Briton researchers have recently designed a video game that enables healthy volunteers to play with patients recovering from stroke as a form of rehabilitation.
Researchers from Imperial College London designed a video game called Balloon Buddies, a tool that enables those recovering from conditions such as a stroke to engage and play together with healthy volunteers, like the therapists and family members as a form of rehabilitation.
The game uses animation, sounds, and vibration-feedback, similar to conventional video games and requires users to balance a ball on a beam, which is lifted at each of its ends by balloons controlled by the players.
Lead study author Dr Michael Mace from Imperial College London said that video games are a great way to provide repetitive exercise to help patients recover from debilitating illnesses.
"We developed the Balloon Buddy game to enable patients to train with their friends, family or caregivers in a collaborative and playful manner," Mace added.
The researchers stated that this type of collaboration makes it more rewarding for the less-abled partner, more challenging for the better partner and overall more fun for both, as they have to continuously work together to score points.
The team analysed 16 patients, who had arm weakness following a stroke and 32 healthy participants playing in pairs by getting patients to play it on their own in single player mode and then partnered with healthy volunteers during dual player game play.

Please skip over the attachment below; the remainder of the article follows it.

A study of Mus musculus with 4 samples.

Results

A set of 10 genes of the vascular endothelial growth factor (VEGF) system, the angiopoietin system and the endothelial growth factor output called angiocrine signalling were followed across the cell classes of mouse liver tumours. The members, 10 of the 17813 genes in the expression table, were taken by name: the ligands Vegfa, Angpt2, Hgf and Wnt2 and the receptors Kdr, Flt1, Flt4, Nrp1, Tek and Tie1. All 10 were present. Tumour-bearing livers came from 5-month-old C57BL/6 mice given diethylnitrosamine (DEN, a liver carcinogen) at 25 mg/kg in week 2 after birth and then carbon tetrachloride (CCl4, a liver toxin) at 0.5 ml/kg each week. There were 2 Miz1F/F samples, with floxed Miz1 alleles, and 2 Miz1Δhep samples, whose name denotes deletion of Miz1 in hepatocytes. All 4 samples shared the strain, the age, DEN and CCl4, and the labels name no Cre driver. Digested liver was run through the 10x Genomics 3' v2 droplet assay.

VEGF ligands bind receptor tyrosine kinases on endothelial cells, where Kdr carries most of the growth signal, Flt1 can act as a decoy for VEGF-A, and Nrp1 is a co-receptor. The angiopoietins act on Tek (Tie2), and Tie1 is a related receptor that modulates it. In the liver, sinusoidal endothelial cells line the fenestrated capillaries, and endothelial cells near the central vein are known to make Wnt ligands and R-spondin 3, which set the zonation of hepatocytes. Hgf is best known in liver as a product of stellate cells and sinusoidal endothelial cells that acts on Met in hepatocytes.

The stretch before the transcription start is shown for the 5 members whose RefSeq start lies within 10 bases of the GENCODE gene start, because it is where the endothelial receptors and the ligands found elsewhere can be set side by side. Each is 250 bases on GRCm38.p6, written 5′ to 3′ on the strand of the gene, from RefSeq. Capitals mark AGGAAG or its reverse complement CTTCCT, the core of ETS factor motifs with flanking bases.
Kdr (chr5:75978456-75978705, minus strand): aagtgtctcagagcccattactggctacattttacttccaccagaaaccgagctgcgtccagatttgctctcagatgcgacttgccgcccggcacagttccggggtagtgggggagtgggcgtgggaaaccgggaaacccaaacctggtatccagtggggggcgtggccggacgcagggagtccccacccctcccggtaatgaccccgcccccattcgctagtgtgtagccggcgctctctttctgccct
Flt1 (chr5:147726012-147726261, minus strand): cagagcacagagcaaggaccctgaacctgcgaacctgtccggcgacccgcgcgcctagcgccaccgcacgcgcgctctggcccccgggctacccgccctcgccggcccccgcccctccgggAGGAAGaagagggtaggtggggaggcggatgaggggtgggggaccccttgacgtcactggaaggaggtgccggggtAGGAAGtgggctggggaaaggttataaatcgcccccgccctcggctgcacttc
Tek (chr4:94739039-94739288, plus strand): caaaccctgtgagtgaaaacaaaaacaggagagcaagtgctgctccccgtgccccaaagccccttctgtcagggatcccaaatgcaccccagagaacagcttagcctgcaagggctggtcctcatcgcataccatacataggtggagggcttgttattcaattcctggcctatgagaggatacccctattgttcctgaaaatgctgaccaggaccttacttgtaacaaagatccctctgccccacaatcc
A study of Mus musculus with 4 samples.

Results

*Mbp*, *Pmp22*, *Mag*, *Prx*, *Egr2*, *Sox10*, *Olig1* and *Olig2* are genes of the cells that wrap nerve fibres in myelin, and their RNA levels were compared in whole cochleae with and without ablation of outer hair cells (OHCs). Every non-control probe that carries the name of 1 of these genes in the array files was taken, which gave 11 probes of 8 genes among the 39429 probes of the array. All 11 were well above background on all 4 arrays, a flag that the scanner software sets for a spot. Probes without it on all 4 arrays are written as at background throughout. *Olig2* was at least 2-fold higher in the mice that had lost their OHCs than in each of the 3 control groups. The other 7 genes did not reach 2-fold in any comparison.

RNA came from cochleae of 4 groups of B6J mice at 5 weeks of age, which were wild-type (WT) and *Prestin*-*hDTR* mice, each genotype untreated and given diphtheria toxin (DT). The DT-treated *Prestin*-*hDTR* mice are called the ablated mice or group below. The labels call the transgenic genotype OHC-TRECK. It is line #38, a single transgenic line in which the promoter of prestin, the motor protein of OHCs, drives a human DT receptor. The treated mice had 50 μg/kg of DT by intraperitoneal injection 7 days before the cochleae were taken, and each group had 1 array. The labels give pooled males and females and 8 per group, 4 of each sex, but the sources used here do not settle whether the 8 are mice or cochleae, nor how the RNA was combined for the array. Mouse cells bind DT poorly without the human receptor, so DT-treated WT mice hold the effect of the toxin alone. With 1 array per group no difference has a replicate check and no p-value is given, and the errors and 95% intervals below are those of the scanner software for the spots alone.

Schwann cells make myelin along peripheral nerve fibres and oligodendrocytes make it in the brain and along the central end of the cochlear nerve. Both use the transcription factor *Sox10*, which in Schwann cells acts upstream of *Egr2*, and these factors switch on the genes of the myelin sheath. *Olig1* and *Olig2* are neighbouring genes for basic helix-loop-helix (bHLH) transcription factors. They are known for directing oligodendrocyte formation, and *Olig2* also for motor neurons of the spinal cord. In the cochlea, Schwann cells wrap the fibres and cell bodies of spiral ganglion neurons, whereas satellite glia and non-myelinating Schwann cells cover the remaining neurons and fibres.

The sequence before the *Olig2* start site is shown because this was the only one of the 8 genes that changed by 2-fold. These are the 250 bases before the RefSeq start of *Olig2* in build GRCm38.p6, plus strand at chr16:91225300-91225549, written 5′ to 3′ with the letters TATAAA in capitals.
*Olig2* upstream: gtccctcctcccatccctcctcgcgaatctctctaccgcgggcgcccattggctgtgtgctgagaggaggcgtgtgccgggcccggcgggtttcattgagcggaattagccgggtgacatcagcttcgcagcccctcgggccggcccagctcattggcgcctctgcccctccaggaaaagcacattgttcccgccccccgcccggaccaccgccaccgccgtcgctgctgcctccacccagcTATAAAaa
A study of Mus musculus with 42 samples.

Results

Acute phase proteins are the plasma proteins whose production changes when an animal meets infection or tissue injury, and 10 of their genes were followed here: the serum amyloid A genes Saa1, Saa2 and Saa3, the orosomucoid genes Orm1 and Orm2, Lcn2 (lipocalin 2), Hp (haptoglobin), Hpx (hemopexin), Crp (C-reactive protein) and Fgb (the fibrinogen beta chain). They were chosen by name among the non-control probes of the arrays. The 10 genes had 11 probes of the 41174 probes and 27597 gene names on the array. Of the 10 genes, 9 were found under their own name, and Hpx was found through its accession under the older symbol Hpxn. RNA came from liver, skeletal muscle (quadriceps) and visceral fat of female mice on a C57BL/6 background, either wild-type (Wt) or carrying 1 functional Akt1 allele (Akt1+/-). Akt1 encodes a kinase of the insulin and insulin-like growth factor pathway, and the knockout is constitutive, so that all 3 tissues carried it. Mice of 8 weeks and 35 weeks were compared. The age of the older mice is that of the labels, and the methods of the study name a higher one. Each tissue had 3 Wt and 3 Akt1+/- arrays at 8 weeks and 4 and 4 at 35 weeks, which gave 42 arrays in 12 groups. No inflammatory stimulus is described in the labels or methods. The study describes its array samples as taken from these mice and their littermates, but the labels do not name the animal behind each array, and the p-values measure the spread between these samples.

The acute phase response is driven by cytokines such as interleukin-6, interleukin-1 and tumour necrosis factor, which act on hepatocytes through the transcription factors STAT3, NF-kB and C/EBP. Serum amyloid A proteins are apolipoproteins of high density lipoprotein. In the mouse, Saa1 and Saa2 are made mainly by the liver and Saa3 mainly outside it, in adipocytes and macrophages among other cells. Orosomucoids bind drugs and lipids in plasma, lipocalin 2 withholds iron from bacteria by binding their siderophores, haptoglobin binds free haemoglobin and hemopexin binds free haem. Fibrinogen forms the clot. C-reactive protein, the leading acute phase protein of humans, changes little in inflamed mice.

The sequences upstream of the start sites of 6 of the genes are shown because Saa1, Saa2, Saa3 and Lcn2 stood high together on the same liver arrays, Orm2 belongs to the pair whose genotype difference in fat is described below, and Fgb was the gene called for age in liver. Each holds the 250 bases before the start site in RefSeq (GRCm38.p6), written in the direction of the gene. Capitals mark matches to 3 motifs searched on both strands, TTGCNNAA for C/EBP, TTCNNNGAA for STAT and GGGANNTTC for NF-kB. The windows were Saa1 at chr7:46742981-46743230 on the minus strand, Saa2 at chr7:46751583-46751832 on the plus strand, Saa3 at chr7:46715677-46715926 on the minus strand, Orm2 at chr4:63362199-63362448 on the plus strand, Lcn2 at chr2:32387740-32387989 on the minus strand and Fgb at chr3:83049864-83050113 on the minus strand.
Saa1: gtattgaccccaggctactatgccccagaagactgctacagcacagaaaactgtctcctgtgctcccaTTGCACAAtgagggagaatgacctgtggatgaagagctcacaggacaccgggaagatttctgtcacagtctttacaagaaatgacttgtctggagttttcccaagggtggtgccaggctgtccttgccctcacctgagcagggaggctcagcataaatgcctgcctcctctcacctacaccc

The findings indicated that the performance of the patient was boosted when they played with a healthy volunteer, compared to if they were playing the game on their own.
In addition, they also found that the poorer a patient's single player performance was, the greater the improvement was seen when they played with another during dual-player mode.
They suggest that by increasing engagement with healthy volunteers the patients may be more likely to increase the effort they put into training, which could ultimately lead to greater gains in physical performance.
The researchers believe this form of rehabilitation through gaming may be beneficial to patients recovering from other illnesses such as musculoskeletal injuries, arthritis and cerebral palsy.
The technology is still being developed, but the team has shown that playing jointly with another individual may lead to increased engagement and better outcomes for patients.
The research is published in the Journal of NeuroEngineering and Rehabilitation (JNER).